RENEE MONTAGNE, host:
The head of the archdiocese of Los Angeles says he is willing to appear before a grand jury. Federal prosecutors are investigating whether Cardinal Roger Mahony is criminally culpable for the way he dealt with priests who allegedly abused children. NPR's Barbara Bradley Hagerty reports that prosecutors have been interested in the case for years.
BARBARA BRADLEY HAGERTY: Cardinal Mahony thought he was done with the sex abuse scandal. In 2004, he admitted publicly that he had made mistakes by transferring abusive priests from diocese to diocese. In 2007, the archdiocese paid $660 million to more than 500 alleged victims, by far the largest settlement in the country. But the criminal investigation never went away. Now, a federal grand jury's investigating whether he and his deputies obstructed justice or defrauded parishioners.
(Soundbite of interview)
Cardinal ROGER MAHONY (Archbishop, Los Angeles, California): We were mystified and puzzled by the whole thing.
BRADLEY HAGERTY: Mahony spoke yesterday on KNX, a Los Angeles talk radio station. He's declined an interview with NPR. He said the grand jury has subpoenaed records involving 22 priests; two of them have died, and the rest are no longer in ministry. Mahony added that most of the alleged abuse occurred decades ago, when it was standard practice to put an abusive priest into a treatment program and later return him to ministry.
Card. MAHONY: This way of dealing with these issues has evolved, and during those early years, it was not handled right. We've said that over and over again. So, that's what puzzles me. Why now does this come up?
BRADLEY HAGERTY: Two reasons, sources say. First, federal prosecutors may be sifting through documents in civil and criminal cases that have recently been released to lawyers, to see if there's evidence that church officials obstructed justice. Second, sources say prosecutors are exploring using a novel legal theory, namely, that Mahony and others schemed to deprive parishioners of, quote, right of honest services. Patrick Wall investigates sex abuse cases for plaintiffs against the Catholic Church.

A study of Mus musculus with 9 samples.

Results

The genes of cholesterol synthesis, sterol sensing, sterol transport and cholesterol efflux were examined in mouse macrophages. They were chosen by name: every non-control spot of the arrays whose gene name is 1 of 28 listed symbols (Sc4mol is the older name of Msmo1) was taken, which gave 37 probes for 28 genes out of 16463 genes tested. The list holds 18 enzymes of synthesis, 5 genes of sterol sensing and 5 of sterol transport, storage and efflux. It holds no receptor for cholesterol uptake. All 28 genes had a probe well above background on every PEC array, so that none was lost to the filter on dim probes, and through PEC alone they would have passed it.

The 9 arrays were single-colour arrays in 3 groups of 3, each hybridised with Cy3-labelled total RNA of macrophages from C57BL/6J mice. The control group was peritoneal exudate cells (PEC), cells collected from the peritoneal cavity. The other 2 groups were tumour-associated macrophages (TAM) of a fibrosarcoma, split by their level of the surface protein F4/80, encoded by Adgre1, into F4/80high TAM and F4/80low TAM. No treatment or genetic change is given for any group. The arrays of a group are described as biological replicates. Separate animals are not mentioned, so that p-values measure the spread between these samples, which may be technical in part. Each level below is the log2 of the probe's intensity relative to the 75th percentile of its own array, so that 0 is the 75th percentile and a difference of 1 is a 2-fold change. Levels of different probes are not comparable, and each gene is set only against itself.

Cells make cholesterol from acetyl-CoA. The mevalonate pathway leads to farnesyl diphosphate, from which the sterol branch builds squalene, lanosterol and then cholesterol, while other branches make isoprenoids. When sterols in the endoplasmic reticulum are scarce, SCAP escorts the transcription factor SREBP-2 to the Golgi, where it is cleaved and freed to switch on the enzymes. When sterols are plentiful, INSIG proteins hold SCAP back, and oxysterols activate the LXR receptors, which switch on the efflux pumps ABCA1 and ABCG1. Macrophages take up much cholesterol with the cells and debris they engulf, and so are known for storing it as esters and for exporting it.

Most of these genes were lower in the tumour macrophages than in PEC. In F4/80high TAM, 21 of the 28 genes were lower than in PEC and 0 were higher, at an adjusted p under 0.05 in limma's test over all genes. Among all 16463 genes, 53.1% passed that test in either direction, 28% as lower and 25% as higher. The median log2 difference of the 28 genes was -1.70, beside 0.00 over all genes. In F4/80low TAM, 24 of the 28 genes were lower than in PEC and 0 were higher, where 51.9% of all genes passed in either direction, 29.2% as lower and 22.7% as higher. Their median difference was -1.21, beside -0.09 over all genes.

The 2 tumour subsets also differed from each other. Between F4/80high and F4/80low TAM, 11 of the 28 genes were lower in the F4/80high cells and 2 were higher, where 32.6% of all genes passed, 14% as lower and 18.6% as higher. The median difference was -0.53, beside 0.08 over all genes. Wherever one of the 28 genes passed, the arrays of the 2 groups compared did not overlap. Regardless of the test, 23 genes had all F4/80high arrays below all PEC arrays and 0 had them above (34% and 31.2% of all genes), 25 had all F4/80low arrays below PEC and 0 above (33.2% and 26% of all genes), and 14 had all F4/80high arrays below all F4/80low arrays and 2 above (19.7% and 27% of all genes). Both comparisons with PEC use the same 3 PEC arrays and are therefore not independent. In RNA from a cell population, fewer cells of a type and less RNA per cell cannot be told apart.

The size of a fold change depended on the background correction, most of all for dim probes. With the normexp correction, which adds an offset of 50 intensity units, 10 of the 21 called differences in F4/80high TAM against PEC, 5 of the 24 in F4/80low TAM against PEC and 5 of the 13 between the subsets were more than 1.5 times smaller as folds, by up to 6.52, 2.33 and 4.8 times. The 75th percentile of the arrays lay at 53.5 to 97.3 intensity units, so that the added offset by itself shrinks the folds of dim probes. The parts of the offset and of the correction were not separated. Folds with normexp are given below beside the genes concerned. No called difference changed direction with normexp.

Mr. PATRICK WALL (Expert, Roman Catholic Church Sex-Abuse Scandal; Author, "Sex, Priests and Secret Codes"): So, the theory is that Cardinal Mahony knew, that the vicars for clergy knew, and that several auxiliary bishops knew, and they failed to warn the public of that danger.
Professor REBECCA LONERGAN (Associate Director, Legal Writing and Advocacy, USC Law; Former Federal Prosecutor): This is a very creative and unusual use of a statute that's been out there for two decades.
BRADLEY HAGERTY: Rebecca Lonergan is a former federal prosecutor who specializes in public corruption cases. She says federal prosecutors are using public corruption laws that are unavailable to the local district attorney. Since 2002, the Los Angeles County District Attorney's office has investigated Mahony for perjury and obstruction of justice. That investigation hit a dead end. But sources say files obtained by the local grand jury found their way over to the U.S. attorney's office. And last fall, federal prosecutors began presenting evidence to a grand jury with their new legal theories. Lonergan says the statute has never been used against church officials and, she says, it's a hard argument to make to a jury.
Prof. LONERGAN: When you have a defendant like a church official who is highly respected, it's a very steep hill to climb to convince people that these people have an actual intent to harm, an intent to defraud. Poor judgment is not the same thing as an attempt to defraud.
BRADLEY HAGERTY: For his part, Cardinal Mahony says he is cooperating with investigators and believes that despite mistakes he may have made in the past, the archdiocese today is safe for children. Barbara Bradley Hagerty, NPR News.
NPR transcripts are created on a rush deadline by Verb8tm, Inc., an NPR contractor, and produced using a proprietary transcription process developed with NPR. This text may not be in its final form and may be updated or revised in the future. Accuracy and availability may vary. The authoritative record of NPR’s programming is the audio record.